Spectroscopic Stealth: NASA’s Super-Emitter Detector for Greenhouse Gas Surveillance

NASA’s cutting-edge greenhouse gas detector, designed and constructed by the Jet Propulsion Laboratory (JPL) in Southern California, has taken a significant step toward its launch. This state-of-the-art imaging spectrometer, crafted for the purpose of measuring methane and carbon dioxide emissions from space, has been transported to a clean room at Planet Labs PBC (Planet) in San Francisco.

The instrument is a vital component of Carbon Mapper, a nonprofit organization’s initiative to precisely pinpoint and measure methane and carbon dioxide sources from Earth’s orbit. Leveraging technologies stemming from NASA’s aerial campaigns and space missions, the Carbon Mapper imaging spectrometer is poised to provide precise data on “super-emitters,” which constitute a small percentage of sources responsible for a substantial portion of global methane and carbon dioxide emissions.

The Carbon Mapper coalition is a collaborative effort led by Carbon Mapper, partnering with institutions such as JPL, Planet, the California Air Resources Board, Rocky Mountain Institute, Arizona State University, and the University of Arizona.

The imaging spectrometer is an advanced tool capable of measuring numerous wavelengths of light reflected by Earth’s surface and absorbed by atmospheric gases. Methane and carbon dioxide, among other compounds, absorb specific wavelengths, creating distinct spectral “fingerprints” that the imaging spectrometer can recognize. These infrared signatures, invisible to the naked eye, enable precise identification and quantification of significant greenhouse gas emissions, thereby expediting potential mitigation efforts.

The spectrometer, following rigorous testing at JPL to ensure its resilience against the rigors of launch and the harsh space environment, has now been delivered to Planet for integration into a Tanager satellite. This integration process is anticipated to take several months, with the satellite’s launch scheduled for early 2024.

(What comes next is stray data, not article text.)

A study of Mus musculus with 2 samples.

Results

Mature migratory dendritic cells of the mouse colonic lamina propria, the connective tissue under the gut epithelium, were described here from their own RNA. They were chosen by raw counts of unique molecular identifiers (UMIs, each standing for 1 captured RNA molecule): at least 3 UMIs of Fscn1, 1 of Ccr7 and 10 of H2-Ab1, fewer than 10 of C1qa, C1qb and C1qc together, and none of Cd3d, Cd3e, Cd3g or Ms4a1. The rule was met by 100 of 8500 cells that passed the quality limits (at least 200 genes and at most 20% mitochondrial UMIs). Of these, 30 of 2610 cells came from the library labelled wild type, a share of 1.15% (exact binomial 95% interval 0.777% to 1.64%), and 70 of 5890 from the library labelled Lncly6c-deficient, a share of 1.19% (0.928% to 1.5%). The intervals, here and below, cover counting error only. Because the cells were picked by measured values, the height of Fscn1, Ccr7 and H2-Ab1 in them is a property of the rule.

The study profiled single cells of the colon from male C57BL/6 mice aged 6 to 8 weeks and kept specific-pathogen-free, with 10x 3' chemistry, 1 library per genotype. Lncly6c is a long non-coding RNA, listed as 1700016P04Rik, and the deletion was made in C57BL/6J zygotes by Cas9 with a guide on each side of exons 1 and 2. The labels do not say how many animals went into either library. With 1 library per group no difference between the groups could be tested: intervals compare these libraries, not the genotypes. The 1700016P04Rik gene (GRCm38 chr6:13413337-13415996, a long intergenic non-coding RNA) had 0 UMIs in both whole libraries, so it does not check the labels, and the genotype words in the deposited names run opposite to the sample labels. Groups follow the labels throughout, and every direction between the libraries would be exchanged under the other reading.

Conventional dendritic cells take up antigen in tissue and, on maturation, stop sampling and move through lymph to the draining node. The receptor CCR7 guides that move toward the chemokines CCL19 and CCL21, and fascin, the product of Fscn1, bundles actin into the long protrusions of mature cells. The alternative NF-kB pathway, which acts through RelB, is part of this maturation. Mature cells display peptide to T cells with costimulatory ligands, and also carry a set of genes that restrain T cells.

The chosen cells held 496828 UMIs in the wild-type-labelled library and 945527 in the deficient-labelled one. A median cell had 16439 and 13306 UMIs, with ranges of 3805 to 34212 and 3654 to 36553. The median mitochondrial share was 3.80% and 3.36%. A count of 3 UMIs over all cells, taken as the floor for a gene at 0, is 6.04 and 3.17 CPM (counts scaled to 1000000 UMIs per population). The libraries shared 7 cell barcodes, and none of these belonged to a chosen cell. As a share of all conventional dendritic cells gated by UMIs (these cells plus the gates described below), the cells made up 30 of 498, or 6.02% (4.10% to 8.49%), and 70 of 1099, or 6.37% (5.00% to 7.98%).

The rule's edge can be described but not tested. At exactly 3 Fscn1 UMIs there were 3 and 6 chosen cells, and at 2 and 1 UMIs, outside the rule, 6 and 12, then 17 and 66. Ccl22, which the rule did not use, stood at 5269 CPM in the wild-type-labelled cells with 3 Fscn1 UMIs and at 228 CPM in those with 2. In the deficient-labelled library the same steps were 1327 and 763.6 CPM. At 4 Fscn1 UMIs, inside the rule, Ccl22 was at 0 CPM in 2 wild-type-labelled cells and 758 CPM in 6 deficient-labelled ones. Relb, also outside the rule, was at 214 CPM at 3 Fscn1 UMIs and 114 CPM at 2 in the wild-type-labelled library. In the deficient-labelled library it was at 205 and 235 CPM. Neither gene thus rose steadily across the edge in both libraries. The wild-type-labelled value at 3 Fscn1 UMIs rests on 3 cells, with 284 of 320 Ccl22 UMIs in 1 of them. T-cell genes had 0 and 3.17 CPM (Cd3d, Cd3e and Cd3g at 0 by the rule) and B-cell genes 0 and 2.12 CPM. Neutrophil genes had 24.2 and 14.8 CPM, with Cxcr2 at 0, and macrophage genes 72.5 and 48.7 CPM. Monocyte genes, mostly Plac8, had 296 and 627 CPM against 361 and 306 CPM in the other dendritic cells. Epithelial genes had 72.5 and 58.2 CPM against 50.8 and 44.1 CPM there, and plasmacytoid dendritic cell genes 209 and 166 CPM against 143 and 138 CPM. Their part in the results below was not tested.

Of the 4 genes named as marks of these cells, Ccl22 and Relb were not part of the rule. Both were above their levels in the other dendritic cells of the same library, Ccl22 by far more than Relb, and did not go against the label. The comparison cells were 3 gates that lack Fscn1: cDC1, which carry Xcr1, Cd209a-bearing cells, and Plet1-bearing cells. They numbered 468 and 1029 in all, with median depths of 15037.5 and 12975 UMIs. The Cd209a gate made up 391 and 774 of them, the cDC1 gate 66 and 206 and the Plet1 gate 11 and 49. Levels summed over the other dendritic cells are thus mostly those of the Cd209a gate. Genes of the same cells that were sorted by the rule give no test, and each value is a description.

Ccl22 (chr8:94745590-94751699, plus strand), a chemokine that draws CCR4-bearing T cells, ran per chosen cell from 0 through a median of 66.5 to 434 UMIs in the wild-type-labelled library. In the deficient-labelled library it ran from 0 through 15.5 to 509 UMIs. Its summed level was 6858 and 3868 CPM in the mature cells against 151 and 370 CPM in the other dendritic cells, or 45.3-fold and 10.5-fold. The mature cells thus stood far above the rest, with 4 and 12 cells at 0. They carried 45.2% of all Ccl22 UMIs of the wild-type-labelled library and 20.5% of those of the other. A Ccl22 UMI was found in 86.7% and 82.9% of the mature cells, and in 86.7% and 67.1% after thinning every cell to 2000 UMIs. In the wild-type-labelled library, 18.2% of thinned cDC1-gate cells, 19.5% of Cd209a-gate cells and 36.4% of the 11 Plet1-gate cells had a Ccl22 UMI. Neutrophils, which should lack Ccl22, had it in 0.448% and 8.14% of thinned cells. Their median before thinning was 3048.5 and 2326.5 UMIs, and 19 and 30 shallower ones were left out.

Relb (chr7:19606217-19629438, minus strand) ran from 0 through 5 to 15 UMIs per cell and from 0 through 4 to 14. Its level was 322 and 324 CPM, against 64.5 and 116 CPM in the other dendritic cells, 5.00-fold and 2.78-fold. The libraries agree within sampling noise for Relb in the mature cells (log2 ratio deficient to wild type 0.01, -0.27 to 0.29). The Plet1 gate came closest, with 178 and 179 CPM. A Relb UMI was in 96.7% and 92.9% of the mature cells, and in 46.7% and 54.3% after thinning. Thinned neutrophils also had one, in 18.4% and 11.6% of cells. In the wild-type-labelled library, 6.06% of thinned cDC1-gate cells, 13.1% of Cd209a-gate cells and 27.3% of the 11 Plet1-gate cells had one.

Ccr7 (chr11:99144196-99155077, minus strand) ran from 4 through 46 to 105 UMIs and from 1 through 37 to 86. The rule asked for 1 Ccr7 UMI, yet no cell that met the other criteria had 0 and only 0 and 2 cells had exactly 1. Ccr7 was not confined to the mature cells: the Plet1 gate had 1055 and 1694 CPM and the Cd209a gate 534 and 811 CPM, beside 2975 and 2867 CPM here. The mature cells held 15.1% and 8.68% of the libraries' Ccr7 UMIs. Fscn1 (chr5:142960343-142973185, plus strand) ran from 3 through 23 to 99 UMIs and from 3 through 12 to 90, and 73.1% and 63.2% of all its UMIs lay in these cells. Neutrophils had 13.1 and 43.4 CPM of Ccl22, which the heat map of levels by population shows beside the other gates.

During its time at JPL, the spectrometer underwent critical tests, including exposure to intense vibrations simulating the conditions of a rocket launch and exposure to the extreme temperatures it will face in space’s vacuum. Additionally, a successful test involving a sample of methane within a vacuum chamber confirmed the imaging spectrometer’s capability to produce a clear spectral signature of methane.

Robert Green, the instrument scientist at JPL, expressed enthusiasm about the quality of the methane spectral signature, foreshadowing the imminent space measurements. Jeff Guido, senior director of new missions at Planet, highlighted the collaborative nature of the project, demonstrating how government, philanthropy, and industry can synergize to create impactful capabilities.

The new satellite plays a pivotal role in Carbon Mapper’s broader mission to survey the globe for point-source emissions of methane and carbon dioxide. This mission also involves NASA’s Earth Surface Mineral Dust Source Investigation (EMIT) imaging spectrometer already in orbit aboard the International Space Station. Another imaging spectrometer, a joint endeavor between Planet and JPL, is in development. These teams will continue working in tandem to enhance greenhouse gas measurement capabilities.

Carbon Mapper, a nonprofit organization, is dedicated to expediting action to mitigate greenhouse gas emissions by delivering precise, timely, and accessible facility-scale data. This endeavor is backed by a public-private partnership involving Planet Labs PBC, JPL, the California Air Resources Board, the University of Arizona, Arizona State University, and RMI, with funding from organizations such as the High Tide Foundation, Bloomberg Philanthropies, Grantham Foundation for the Protection of the Environment, and other philanthropic donors.